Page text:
Ballot Measure 1 may be failing statewide, but in Sitka and the rest of central Southeast Alaska, it was a clear winner on Tuesday. Seventy-five percent of Sitka voters backed the measure, with 1315 “yes” votes to just 448 “no” votes.
The referendum sought to repeal the tax breaks for oil and gas companies championed by Gov. Sean Parnell and passed by the state legislature in 2013. Statewide, the “Yes on 1” campaign is running behind, 48% to 52%, trailing by more than 6,000 votes. More than 14,000 absentee and early ballots have yet to be counted.
But central Southeast Alaska bucked the statewide trend.
The margin was narrower in other communities in House District 35, which includes Sitka and Petersburg, but voters still favored repeal by two-to-one.
Across the district, 67-percent, or 2,353 people voted “yes.” A little more than 32-percent, or 1,133 people, voted “no.”
In addition to Sitka and Petersburg, the district includes Kupreanof, Port Alexander, Pelican and Elfin Cove, Tenakee Springs, Kake, Angoon, Hoonah and most Prince of Wales Island communities.
The “yes” votes carried every precinct in the district.
For state representative, both Democrat Jonathan Kreiss-Tomkins of Sitka and Republican Steven Samuelson of Petersburg were unchallenged in the primary. Kreiss-Tomkins received 1,535 district-wide. That compares with 1,126 for Samuelson.
Samuelson said Wednesday he was thankful for the people who turned out to vote.
“[It’s] real important to get out there and vote and I’m glad so many did,” he said. “I wish voter turnout was a little bit better still I appreciate it very much.”
About three-quarters of local voters stayed home Tuesday. Turnout across the district was about 26-percent. That’s lower than the statewide average, which hovered around 32-percent.
Samuelson thought voters sent a message Tuesday about the state’s oil tax structure. Ballot Measure 1 sought to repeal Senate Bill 21, the current oil tax law, and replace it with the previous oil tax regime, ACES, or Alaska’s Clear and Equitable Share. ACES was passed by the legislature in 2007 and championed by then-Governor Sarah Palin.
“With the ACES program, it’s failed and as far as Senate Bill 21, I think the people have clearly spoken that both need to be worked on,” Samuelson said. “People aren’t happy. They think that Senate Bill 21’s flawed and ACES is not doing what it’s supposed to do either. So this district, I think it’s important to have somebody that’s going to be in the majority in the House, that will be able to express this district’s feelings towards where we need to go.”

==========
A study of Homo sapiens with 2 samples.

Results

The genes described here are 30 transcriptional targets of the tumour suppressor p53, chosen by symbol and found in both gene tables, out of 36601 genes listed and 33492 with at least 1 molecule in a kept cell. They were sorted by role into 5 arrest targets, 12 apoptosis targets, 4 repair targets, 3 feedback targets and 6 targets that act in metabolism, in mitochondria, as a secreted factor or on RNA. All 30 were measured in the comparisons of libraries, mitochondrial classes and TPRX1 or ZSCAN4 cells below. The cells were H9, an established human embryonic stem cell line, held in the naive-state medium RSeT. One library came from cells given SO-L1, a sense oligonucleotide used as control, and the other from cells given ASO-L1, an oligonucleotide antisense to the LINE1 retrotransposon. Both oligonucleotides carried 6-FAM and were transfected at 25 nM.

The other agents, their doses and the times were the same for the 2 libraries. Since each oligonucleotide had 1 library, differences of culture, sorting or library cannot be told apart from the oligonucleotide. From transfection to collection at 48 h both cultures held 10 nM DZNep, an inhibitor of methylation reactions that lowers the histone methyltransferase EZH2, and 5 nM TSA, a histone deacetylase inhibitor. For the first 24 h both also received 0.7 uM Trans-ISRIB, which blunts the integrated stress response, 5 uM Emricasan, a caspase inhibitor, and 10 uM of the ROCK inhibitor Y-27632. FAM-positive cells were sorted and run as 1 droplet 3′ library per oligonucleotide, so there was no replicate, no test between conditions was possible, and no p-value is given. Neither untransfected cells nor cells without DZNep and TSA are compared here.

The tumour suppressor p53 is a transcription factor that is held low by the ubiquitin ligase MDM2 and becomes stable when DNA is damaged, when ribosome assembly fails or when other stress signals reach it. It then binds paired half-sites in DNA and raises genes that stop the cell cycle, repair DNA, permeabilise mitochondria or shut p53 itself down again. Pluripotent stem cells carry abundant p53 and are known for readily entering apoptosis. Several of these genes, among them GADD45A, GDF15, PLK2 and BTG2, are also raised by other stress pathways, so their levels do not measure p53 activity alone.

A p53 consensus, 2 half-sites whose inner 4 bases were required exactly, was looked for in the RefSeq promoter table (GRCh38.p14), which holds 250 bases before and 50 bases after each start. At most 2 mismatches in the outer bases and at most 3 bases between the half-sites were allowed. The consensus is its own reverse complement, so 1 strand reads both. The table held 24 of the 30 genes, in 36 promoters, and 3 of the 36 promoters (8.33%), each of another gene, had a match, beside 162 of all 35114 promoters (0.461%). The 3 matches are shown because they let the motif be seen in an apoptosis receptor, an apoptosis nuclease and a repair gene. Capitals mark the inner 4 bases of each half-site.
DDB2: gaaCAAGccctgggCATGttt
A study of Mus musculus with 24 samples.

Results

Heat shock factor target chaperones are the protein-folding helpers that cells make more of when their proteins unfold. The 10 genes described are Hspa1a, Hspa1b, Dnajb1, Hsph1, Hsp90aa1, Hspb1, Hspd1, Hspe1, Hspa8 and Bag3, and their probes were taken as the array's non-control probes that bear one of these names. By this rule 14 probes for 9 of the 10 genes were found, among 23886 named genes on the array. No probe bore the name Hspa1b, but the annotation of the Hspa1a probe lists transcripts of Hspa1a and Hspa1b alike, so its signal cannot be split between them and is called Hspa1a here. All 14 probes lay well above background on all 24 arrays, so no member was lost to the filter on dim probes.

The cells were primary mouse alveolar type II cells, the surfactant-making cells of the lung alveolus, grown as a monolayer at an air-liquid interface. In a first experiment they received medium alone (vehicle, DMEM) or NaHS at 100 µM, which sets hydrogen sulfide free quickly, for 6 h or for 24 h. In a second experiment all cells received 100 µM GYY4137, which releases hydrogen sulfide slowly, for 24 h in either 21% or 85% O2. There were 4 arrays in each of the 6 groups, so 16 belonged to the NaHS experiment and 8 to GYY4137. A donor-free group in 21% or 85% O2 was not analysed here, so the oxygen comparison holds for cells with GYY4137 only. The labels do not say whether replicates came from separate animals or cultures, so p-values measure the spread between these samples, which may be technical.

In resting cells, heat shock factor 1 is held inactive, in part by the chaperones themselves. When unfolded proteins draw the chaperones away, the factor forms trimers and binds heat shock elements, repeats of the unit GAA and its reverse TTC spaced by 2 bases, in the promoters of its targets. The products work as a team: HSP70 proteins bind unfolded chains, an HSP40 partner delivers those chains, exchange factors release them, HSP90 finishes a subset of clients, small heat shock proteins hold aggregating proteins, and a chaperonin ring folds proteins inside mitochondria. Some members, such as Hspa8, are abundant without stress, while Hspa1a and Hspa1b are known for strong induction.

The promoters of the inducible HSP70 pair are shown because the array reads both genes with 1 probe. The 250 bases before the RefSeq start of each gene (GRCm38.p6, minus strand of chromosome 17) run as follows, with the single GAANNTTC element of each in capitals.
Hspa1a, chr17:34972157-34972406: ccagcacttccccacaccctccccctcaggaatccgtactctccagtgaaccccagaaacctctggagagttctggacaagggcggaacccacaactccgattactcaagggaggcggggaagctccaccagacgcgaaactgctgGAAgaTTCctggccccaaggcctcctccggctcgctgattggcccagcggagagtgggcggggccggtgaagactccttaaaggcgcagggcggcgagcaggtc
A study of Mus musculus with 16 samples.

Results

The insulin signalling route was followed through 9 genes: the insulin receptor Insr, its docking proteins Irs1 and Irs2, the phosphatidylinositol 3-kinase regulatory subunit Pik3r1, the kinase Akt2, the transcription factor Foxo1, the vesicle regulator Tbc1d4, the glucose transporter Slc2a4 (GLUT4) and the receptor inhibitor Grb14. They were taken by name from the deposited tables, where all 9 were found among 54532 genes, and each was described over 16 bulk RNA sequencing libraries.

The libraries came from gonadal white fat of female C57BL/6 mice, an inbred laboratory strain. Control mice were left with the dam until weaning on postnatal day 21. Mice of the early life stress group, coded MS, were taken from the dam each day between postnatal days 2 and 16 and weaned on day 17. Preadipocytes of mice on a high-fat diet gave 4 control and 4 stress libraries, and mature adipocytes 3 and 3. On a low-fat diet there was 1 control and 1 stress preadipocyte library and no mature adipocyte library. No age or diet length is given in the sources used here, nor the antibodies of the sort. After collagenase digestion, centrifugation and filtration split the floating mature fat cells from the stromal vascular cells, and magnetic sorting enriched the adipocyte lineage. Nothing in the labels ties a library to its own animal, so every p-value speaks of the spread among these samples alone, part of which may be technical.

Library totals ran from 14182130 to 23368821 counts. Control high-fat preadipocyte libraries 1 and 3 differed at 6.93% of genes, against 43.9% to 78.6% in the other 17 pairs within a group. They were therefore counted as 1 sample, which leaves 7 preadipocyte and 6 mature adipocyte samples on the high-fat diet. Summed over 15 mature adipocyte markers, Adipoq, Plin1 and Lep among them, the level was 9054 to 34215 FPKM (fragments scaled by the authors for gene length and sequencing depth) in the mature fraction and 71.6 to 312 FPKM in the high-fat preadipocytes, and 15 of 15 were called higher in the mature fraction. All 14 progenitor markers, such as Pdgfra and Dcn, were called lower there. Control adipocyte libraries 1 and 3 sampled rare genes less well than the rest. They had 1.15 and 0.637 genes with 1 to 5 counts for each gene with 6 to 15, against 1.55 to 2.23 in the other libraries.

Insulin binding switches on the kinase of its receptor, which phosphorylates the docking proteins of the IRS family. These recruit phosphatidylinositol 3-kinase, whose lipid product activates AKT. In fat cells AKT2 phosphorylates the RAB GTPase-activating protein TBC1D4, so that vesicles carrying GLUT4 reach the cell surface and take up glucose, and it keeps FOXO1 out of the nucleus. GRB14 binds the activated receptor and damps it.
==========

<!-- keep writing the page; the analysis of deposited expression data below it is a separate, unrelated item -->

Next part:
Samuelson said he’ll be ramping up his campaigning with the primary behind him. He’ll face incumbent Kreiss-Tomkins in the general election this November. Kreiss-Tomkins campaigned for a “yes” vote on ballot measure one.
“A margin like this, especially with a broad statewide electorate, it may not portend for the best result for repealing this tax cut unfortunately,” Kreiss-Tomkins said. “But it’s a really strong message that, you know, you drop 15-million dollars, the most expensive statewide initiative campaign in Alaska history, and people still think independently and critically and vote for the public interest. And to me that’s reassuring.”
The “Vote No on 1” campaign spent about $15-million on advertising, compared with about $600,000 spent by supporters of the referendum.
Despite the outcome of the ballot measure, Kreiss-Tomkins was optimistic about the results of Tuesday’s primary voting around Alaska.
“There were some very close legislative primary races across the state,” he said. “And with an eye towards building a bipartisan coalition, I thought there were some promising results there and I hope that bodes well for trying to resurrect a bipartisan and coalition-oriented majority in the legislature.”
In other results from the district Tuesday, Democratic candidate for governor Byron Mallott outpaced incumbent governor Sean Parnell in House District 35. Mallott had 1,245 votes, while Parnell had 1,090. Independent Bill Walker, who is also running for Governor, was not on the primary ballot.
In the heated Republican Senate primary, Joe Miller ran just two percentage points behind front-runner Dan Sullivan in the district, taking 36-percent to Sullivan’s 38-percent. Statewide, Miller took 32-percent to Sullivan’s 40-percent.
And in Sitka, Democrat Forrest Dunbar outpaced Republican incumbent Don Young in the voting for U.S. Representative. Dunbar received 629 votes to Young’s 486.
All election results are unofficial, for now. The state Division of Elections must still count absentee ballots. That count will not start until a week after the election.